Pinpointing Genetic Causes of Diseases
Researchers from North Carolina State University, UNC-Chapel Hill, and other institutions have taken the first steps toward creating a roadmap that may help scientists narrow down the genetic cause of numerous diseases. Their work also sheds new light on how heredity and environment can affect gene expression. The study was published online April 13th 2014 in Nature Genetics.
A release from North Carolina State explains that pinpointing the genetic causes of common diseases is not easy because multiple genes may be involved with a disease. Not only that, but disease-causing variants in DNA often do not act directly. Instead, they activate nearby genes. To add to the complexity, genetic activation is not like a simple on/off switch on a light. It behaves more like a "dimmer switch". Some people may have a particular gene turned all the way up, while others have it only turned halfway on, completely off, or somewhere in between. And different factors, such as DNA or the environment, play a role in the dimmer switch's setting.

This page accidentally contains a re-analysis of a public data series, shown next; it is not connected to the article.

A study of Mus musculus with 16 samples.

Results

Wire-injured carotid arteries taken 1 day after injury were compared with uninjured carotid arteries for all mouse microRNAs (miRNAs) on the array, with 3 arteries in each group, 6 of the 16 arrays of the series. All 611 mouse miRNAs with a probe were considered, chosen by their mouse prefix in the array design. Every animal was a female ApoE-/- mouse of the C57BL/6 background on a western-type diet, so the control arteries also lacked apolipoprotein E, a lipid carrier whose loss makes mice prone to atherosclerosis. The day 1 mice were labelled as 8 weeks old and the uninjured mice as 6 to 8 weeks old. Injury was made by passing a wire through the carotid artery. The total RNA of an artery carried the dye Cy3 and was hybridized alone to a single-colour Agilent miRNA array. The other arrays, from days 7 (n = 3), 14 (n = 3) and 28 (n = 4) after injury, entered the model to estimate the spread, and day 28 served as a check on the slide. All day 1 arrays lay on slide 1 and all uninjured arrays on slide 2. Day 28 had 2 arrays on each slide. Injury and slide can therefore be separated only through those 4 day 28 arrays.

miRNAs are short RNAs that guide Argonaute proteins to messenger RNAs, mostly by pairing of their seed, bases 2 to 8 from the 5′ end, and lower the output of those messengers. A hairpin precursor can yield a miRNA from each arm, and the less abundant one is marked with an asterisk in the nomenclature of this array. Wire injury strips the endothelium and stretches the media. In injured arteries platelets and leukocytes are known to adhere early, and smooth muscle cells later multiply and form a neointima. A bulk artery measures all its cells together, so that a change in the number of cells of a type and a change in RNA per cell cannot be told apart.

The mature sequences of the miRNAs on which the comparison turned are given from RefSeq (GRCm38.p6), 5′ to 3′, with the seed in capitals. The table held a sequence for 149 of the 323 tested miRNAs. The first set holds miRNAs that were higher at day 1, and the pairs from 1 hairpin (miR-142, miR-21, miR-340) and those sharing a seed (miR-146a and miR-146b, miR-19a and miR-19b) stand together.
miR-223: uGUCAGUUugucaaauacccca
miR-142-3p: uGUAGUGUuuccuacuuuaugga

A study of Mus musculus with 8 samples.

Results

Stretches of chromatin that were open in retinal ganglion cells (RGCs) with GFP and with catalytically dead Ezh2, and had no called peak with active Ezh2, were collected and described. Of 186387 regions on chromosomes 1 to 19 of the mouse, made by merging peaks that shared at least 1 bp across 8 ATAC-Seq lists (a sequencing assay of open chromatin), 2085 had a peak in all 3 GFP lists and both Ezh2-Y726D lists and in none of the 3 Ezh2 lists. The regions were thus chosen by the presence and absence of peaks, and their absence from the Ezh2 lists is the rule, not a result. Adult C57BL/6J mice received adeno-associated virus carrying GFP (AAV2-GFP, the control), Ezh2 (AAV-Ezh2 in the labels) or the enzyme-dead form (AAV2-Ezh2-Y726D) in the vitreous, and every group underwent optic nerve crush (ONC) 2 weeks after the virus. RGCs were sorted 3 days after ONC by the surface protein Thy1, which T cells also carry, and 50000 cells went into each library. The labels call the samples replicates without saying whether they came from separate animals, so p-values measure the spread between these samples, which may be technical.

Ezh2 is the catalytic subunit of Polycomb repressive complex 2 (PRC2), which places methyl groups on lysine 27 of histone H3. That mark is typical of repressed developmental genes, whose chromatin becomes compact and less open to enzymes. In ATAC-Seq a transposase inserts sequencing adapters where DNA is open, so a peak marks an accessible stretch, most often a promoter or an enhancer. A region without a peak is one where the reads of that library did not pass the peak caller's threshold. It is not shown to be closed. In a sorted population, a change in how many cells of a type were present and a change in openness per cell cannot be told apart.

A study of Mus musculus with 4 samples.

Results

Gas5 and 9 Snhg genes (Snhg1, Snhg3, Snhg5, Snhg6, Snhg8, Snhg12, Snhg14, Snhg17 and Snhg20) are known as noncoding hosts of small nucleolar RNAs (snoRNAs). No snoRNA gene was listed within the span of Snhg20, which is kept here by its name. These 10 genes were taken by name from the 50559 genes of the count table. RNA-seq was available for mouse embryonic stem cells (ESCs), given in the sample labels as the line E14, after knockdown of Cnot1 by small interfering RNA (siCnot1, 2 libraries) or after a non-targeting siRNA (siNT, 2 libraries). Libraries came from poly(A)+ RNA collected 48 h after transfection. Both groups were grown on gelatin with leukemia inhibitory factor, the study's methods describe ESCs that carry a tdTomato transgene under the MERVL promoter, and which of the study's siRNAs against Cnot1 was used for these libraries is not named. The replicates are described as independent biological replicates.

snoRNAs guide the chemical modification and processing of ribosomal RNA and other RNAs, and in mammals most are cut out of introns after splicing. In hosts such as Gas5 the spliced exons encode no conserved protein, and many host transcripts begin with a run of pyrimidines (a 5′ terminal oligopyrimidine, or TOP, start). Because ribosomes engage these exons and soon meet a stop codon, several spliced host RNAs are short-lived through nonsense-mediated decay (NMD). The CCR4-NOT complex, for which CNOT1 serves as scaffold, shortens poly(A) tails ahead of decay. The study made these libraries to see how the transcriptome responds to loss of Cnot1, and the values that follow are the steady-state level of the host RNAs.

The release quotes Fred Wright, NC State professor of statistics and biological sciences, director of NC State's Bioinformatics Center and co-first author of the study, as saying, "Everyone has the same set of genes. It's difficult to determine which genes are heritable, or controlled by your DNA, versus those that may be affected by the environment. Teasing out the difference between heredity and environment is key to narrowing the field when you're looking for a genetic relationship to a particular disease."
Wright, with co-first author Patrick Sullivan, Distinguished Professor of Genetics and Psychiatry at UNC-Chapel Hill and director of the Center for Psychiatric Genomics, and national and international colleagues, analyzed blood sample data from 2,752 adult twins (both identical and fraternal) from the Netherlands Twin Register and an additional 1,895 participants from the Netherlands Study of Depression and Anxiety. For all 20,000 individual genes, they determined whether those genes were heritable – controlled by the DNA "dimmer switch" – or largely affected by environment.
"Identical twins have identical DNA," Wright explains, "so if a gene is heritable, its expression will be more similar in identical twins than in fraternal twins. This process allowed us to create a database of heritable genes, which we could then compare with genes that have been implicated in disease risk. We saw that heritable genes are more likely to be associated with disease – something that can help other researchers determine which genes to focus on in future studies."